The Department of Veterans Affairs (VA) Office of Information and Technology (OIT) has made many strides toward its new vision for digital transformation, but VA CIO Kurt DelBene said today that the agency still has “work to do” to set a proper modernization pace, and could benefit from more modernization funding.
The VA’s new Vision 2022 video series outlines OIT’s approach to setting VA up as a modern IT shop in the Federal government with a focus on four main priorities: vision-driven execution, operational excellence, delightful end-user experience, and people excellence.
On a call with reporters today, DelBene said the agency has set a “good pace” in its various digital transformation efforts – such as having modern agile development practices, moving infrastructure to the cloud, and centralization of single sign-on technologies.
However, DelBene also said the agency has more room to improve in its modernization efforts.
“I think the right thing to do is to get into a pace where we’re constantly upgrading systems a piece at a time versus some of these big bang modernizations that people hang their hats on, because those are the ones that have the higher propensity to fail,” DelBene said.
“You’re just counting all your eggs in one basket versus saying, we’re going to take the most crufty part of that system, we’re going to upgrade it this year, and then we’re going to do that year after year after year. So, we want to get into that pattern,” he continued. “And that’s the piece I think we still have some work to do.”
In addition to getting into a pattern of constant modernization of systems, DelBene also discussed the need for more funding from the Biden administration and Congress – especially when it comes to digital transformation.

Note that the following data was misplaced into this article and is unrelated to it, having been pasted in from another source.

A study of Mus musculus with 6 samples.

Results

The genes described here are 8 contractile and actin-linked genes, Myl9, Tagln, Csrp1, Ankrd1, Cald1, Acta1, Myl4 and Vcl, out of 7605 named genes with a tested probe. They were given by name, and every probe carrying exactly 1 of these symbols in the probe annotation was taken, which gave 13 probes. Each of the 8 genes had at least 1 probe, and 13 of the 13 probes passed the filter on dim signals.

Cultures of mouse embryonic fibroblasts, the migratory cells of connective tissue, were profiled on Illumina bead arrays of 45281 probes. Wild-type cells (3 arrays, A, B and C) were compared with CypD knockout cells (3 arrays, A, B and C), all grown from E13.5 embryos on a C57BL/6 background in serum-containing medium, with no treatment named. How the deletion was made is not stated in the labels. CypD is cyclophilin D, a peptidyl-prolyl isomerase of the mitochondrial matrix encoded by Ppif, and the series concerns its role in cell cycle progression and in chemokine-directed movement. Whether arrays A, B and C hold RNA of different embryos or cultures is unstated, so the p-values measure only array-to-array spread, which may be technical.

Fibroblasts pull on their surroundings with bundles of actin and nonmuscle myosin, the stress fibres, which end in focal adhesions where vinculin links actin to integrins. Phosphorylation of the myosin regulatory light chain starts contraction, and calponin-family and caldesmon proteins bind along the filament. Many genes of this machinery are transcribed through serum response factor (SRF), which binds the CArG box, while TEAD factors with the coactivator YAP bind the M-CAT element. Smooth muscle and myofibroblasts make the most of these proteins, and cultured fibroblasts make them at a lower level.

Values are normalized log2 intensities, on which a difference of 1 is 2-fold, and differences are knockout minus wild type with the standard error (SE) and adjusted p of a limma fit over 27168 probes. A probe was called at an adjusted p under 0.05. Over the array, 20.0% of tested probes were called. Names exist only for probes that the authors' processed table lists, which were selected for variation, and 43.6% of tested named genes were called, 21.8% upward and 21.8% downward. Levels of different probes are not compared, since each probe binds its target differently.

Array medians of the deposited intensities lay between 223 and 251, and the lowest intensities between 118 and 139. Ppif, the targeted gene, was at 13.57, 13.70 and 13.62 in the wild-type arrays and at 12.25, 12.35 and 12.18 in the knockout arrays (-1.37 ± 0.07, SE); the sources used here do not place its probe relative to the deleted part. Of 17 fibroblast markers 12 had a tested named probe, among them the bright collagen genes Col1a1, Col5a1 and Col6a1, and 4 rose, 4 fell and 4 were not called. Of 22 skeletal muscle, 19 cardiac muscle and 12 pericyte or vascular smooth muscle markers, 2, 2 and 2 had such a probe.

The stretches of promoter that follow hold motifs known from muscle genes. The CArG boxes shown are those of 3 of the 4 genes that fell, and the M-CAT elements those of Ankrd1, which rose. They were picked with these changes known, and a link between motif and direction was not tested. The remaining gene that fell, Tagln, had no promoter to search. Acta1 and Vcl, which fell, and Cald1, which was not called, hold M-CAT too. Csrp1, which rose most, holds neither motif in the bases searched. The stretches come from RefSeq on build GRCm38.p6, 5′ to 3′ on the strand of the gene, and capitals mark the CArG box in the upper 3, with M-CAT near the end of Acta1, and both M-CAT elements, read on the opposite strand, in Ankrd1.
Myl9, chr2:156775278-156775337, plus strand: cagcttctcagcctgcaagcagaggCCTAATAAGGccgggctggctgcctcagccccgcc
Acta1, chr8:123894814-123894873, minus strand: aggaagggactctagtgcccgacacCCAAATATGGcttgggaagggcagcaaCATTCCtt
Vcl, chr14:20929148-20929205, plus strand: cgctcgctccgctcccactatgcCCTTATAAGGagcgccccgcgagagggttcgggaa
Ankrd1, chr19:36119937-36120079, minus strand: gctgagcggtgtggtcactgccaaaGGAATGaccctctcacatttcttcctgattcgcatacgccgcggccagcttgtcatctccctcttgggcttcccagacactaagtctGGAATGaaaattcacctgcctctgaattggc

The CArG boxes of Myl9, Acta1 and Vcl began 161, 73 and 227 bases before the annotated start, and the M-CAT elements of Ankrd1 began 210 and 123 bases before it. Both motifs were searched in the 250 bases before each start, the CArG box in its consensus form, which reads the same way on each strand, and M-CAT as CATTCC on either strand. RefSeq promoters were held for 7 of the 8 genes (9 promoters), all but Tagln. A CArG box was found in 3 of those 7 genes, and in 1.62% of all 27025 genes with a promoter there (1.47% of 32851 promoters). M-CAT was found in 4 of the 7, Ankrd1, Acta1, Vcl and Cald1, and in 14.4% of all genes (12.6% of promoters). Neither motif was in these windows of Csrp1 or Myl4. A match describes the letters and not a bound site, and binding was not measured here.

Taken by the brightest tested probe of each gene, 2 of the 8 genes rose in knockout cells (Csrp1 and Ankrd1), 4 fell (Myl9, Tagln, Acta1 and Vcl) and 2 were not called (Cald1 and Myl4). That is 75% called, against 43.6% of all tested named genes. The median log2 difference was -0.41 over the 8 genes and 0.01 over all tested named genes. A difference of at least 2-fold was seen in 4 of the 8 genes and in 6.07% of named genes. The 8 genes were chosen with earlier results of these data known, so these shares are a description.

Earlier this year, the VA received a $10.5 million funding boost from the Technology Modernization Fund (TMF) for the agency to implement the General Services Administration’s Login.gov single sign-on technology across multiple VA websites.
However, funding levels are still not where the VA would like them. For its fiscal year 2022 budget request, the VA’s IT systems came with a hefty $4.8 billion price tag.
As for one of the biggest modernization programs for the VA – the Electronic Health Records Modernization (EHRM) program – the agency initially estimated it would cost $10 billion over 10 years. The new cost estimate is closer to $56 billion, with $39 billion for implementation of the EHR system over 13 years, and then $17 billion to maintain the system over 15 years.
“We need to up our game in terms of the pace of modernization of some of our older systems,” DelBene told reporters. “We still do have a number of systems that are running on mainframes. We have a number of systems that are architected on 20-year-old design patterns for applications. And so we’re constantly talking to the administration and to Congress about needing to increase our funding, particularly around those transformations.”